New Delhi: In a longstanding tradition, India kickstarts the budget-making process with the annual “Halwa Ceremony.” This unique event, held in the basement of the North Block of the Finance Ministry in Central Delhi, involves the Finance Minister leading the preparation of halwa, a beloved Indian dessert, to formally initiate the printing process for budget-related documents.
Dating back to 1950, this ceremony plays a crucial role in maintaining secrecy and preventing leaks surrounding the budget. During the Halwa Ceremony, the Finance Minister takes center stage, actively participating by stirring the large wok (kadhai) used to make halwa. (Also Read: Lord Ram’s Photo On Rs 500? Here’s The Truth Behind Viral Pics)
The sweet dish is then served to officials and staff involved in the budget-making process. This unique and symbolic act marks the beginning of the extensive budget-making process that spans several months. (Also Read: From Tata To Birla: Check List Of Prominent Industrialists Invited For Ram Temple Consecration)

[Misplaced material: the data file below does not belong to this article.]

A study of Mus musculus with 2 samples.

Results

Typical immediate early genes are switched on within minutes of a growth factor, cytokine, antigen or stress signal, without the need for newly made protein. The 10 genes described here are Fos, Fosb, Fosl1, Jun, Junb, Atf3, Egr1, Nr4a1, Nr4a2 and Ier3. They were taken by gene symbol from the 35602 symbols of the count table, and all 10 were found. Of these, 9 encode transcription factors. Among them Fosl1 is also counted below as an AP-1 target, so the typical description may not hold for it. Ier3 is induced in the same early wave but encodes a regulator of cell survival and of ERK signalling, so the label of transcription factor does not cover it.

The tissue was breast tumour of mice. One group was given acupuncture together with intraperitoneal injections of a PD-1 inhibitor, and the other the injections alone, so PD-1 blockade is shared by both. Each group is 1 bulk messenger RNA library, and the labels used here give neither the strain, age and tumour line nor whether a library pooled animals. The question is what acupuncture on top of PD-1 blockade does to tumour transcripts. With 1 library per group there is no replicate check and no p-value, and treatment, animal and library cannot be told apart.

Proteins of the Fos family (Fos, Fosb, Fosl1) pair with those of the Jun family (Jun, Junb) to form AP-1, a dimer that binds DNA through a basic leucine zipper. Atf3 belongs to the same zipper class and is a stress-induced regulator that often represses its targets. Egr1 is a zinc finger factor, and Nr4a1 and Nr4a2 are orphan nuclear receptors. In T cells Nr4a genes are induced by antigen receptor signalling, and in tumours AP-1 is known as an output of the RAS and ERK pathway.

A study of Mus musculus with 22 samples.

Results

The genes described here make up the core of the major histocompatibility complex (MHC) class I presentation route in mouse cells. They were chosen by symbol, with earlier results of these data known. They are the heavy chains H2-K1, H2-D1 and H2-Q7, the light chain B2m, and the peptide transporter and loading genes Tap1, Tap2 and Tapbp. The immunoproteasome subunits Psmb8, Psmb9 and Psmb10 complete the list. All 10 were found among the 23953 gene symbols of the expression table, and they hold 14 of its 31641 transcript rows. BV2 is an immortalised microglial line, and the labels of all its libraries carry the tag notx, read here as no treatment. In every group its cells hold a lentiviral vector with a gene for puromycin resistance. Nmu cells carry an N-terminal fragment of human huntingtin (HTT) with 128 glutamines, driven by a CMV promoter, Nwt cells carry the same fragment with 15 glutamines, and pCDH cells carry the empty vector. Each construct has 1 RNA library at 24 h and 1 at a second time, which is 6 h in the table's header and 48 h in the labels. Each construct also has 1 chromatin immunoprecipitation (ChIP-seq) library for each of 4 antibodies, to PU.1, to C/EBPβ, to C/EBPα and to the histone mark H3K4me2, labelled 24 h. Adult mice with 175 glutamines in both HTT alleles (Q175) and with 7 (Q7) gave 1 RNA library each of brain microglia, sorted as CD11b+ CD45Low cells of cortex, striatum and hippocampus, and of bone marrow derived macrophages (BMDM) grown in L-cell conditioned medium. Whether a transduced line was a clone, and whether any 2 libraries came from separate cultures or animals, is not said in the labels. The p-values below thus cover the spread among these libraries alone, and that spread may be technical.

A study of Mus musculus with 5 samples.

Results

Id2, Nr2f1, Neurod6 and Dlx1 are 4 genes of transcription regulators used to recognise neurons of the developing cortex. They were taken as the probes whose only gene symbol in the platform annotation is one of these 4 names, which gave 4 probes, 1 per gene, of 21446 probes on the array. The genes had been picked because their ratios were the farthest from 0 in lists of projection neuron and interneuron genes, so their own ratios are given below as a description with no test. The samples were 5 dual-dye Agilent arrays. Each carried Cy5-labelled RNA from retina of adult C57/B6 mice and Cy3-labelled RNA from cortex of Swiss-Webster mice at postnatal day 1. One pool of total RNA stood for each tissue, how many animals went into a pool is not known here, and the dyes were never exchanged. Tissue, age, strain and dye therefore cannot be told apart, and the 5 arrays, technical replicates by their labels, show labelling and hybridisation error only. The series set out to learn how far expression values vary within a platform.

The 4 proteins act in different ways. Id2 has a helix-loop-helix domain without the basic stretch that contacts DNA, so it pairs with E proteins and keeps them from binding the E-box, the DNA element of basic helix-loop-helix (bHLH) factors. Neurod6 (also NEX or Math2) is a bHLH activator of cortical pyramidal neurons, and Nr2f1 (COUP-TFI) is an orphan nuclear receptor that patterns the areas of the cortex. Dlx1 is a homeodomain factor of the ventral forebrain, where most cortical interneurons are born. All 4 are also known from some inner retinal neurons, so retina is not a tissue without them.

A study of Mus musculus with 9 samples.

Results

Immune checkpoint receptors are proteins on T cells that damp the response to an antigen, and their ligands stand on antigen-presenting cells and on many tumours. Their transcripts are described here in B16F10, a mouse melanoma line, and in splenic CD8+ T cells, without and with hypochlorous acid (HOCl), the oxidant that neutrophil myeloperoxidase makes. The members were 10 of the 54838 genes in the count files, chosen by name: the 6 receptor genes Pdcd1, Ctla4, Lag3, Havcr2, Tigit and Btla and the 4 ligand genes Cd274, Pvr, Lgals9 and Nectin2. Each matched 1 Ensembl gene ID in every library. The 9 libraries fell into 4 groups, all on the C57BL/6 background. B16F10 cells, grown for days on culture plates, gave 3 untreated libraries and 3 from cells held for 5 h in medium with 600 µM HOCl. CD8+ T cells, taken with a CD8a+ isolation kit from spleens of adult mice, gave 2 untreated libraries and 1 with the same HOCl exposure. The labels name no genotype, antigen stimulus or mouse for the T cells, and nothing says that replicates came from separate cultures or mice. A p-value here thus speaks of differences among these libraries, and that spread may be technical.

The North Block basement undergoes a transformation into a highly secure area resembling a fortress during the ceremony. Approximately 100 officials and staff directly involved in the budget-making or printing process are isolated to ensure confidentiality.
Stringent measures, including round-the-clock surveillance, restricted communication, and electronic jammers, are implemented to prevent leaks or unauthorized information disclosure.
The tradition of the Halwa Ceremony has evolved over the years to enhance security and confidentiality. Originally held at Rashtrapati Bhavan, the printing press was relocated to Minto Road and, eventually, to the North Block basement in 1980.
These measures were implemented in response to a budget leak in 1950, emphasizing the government’s commitment to maintaining the sanctity of the budget-making process.
To guarantee utmost confidentiality, officials in the North Block basement experience strict measures, including restricted contact with the outside world, supervised phone calls, continuous surveillance by the Intelligence Bureau, and stringent cybersecurity protocols.
These precautions aim to prevent any leaks related to the budget before its official presentation.